Quito, the capital of Ecuador plays an important role in stabilising the country’s economy. In Ecuador, Quito has the highest level of tax collection. Quito's economy depends upon industries like agriculture, textiles, metals. Palm oil, cacao, rice and bananas are grown for export. Headquarters and offices of international and national financial institutions are located in Quito, making it a business city of the country.
In the late '90s, the country went through a massive recession as oil prices fell and foreign debts were hanging like a demon’s sword. In 1998 with the fluctuation in oil prices sent the city and the country in a whirlpool with skyrocketing inflation, reducing the purchasing power of the common man leading to road blockades and strikes. When banks started to close down, the only solution for the then-President Jamil Mahuad was to switch over to the dollar, so that the country could get up and stand up on its own. In 2000, the dollar became the official currency of Ecuador. While the dollar did help in stabilizing the economy, it took away the country’s power of manipulating its own exchange rate and remains dependent on the U.S. Federal Reserve.
Indigenous - Mestizos Clash
The Indigenous community believes that 45% of Ecuadorians are indigenous and whether the percentage is right or wrong, their presence can be felt in Quito as you travel on the streets. While indigenous people are poorer, the Mestizos (a mix of Spanish and indigenous) are rich and dominant in politics. Their organization CONAIE has been instrumental in blending the Indigenous community in mainstream politics and also making their presence felt in various sectors such as hospitality, arts and crafts, business, and politics.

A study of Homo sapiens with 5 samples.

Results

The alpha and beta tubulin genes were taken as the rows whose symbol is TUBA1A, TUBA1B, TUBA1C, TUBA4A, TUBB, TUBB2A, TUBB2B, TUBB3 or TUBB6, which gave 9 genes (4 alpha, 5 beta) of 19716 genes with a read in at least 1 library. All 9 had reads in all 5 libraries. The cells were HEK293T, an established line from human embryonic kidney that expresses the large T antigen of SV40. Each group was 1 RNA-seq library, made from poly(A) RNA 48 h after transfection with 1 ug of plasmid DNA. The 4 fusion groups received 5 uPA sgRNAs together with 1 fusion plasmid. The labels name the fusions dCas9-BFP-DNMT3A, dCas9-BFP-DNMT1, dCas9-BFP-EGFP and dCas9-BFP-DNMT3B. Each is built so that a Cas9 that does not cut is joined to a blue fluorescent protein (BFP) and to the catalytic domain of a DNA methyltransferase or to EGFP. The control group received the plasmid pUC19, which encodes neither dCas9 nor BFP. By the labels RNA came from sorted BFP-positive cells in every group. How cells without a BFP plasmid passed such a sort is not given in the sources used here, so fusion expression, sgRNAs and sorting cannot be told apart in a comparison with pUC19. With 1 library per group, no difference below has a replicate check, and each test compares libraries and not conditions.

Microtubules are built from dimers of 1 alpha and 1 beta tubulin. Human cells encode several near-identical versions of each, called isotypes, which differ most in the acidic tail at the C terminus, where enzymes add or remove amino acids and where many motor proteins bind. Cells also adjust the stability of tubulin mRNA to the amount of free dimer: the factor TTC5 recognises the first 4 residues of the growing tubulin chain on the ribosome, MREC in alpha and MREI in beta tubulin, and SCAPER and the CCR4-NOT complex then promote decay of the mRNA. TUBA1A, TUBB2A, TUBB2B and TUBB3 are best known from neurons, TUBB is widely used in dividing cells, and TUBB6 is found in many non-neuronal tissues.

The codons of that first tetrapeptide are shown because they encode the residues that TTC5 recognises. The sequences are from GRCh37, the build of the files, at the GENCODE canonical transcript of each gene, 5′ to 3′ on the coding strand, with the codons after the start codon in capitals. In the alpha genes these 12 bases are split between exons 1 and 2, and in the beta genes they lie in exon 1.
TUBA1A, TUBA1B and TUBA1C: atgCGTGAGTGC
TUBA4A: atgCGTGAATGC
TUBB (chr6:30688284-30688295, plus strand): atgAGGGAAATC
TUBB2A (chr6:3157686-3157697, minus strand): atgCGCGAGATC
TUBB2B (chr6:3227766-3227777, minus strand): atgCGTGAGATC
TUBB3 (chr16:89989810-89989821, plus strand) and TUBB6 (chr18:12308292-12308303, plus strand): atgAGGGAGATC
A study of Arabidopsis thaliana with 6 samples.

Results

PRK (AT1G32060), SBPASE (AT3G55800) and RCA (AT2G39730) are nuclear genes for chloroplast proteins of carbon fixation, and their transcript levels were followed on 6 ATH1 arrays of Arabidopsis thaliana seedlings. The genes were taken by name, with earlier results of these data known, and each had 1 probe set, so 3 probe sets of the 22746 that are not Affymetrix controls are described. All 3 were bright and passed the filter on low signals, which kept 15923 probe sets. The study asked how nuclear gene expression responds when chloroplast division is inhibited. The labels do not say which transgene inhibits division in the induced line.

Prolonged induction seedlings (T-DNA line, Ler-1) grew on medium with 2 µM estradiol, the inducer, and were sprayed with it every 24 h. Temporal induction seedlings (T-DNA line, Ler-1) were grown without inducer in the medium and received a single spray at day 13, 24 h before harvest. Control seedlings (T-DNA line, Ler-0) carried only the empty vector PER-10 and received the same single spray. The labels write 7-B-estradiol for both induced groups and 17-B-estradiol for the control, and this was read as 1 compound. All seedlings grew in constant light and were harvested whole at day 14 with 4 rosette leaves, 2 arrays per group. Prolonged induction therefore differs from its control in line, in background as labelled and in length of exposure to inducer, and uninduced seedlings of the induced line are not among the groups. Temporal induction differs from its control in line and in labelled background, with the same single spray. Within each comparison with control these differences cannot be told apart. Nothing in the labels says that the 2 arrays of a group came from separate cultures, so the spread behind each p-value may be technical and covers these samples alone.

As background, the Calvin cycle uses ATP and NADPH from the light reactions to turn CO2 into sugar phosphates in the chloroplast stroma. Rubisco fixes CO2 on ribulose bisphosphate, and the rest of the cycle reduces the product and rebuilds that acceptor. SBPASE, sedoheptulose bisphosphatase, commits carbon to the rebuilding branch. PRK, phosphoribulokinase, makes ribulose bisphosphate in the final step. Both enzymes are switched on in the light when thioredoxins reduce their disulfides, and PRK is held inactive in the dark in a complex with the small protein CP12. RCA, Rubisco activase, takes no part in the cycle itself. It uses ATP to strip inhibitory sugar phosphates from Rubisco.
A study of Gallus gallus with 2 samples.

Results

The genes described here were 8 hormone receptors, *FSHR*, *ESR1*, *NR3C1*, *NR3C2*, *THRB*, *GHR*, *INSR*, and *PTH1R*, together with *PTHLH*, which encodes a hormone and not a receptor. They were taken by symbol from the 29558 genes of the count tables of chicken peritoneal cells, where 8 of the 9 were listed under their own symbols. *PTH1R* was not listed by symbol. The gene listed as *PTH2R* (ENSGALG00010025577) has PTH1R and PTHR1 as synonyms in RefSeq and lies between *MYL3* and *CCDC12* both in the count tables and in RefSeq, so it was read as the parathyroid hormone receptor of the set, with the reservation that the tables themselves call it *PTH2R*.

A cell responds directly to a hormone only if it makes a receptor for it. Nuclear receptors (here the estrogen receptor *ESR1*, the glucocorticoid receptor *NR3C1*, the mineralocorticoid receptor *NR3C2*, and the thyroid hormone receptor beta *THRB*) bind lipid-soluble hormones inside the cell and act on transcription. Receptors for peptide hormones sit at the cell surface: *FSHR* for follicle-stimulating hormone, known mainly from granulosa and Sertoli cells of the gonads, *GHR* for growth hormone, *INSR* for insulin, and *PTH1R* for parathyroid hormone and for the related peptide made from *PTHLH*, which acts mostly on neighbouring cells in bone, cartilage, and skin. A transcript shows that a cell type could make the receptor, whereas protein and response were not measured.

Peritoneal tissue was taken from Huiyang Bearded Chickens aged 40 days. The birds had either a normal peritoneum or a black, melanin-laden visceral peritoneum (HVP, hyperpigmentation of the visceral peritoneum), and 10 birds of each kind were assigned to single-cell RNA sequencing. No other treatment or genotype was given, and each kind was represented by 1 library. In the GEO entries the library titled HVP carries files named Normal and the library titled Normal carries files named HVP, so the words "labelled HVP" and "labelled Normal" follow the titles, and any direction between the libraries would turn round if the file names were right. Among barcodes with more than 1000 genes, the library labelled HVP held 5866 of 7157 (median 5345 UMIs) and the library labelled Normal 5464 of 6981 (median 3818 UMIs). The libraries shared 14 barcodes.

Quito has preserved its rich cultural heritage (Spanish and Inca) in the form of churches and colonial architecture. The city is divided into two parts Old and New. While the Old Quito with its historical inheritance has been the first city to be named as a World Heritage site by UNESCO in 1979, the New Quito is dreaming of new tomorrows with advanced technology in the 21st century.
Ecuador’s economy is based on petroleum exports. But ongoing legal battles like that of ChevronTexaco for contaminating the Amazon rainforest and that between the Ecuadorian government and Occidental Petroleum for forceful takeover is affecting the economy.
Although a small part of the world’s petroleum industry, Ecuador's economy depends upon its oil reserves. Government has major stakes in oil businesses as debts, and public wages are paid through it. With elevated oil prices, oil companies have shown interest in Ecuador. But the Indigenous people want to preserve their heritage and the Amazon rainforest which is deforesting at an alarming rate.
In today’s situation, Ecuador’s main dependency is on Quito and on exports of crops such as coffee, bananas, sugar, cacao, palm oil, and rice. Currently, Quito needs to intermingle its Indigenous people and economic ambitions well so that it becomes an important member of a global economy that too a dependable one.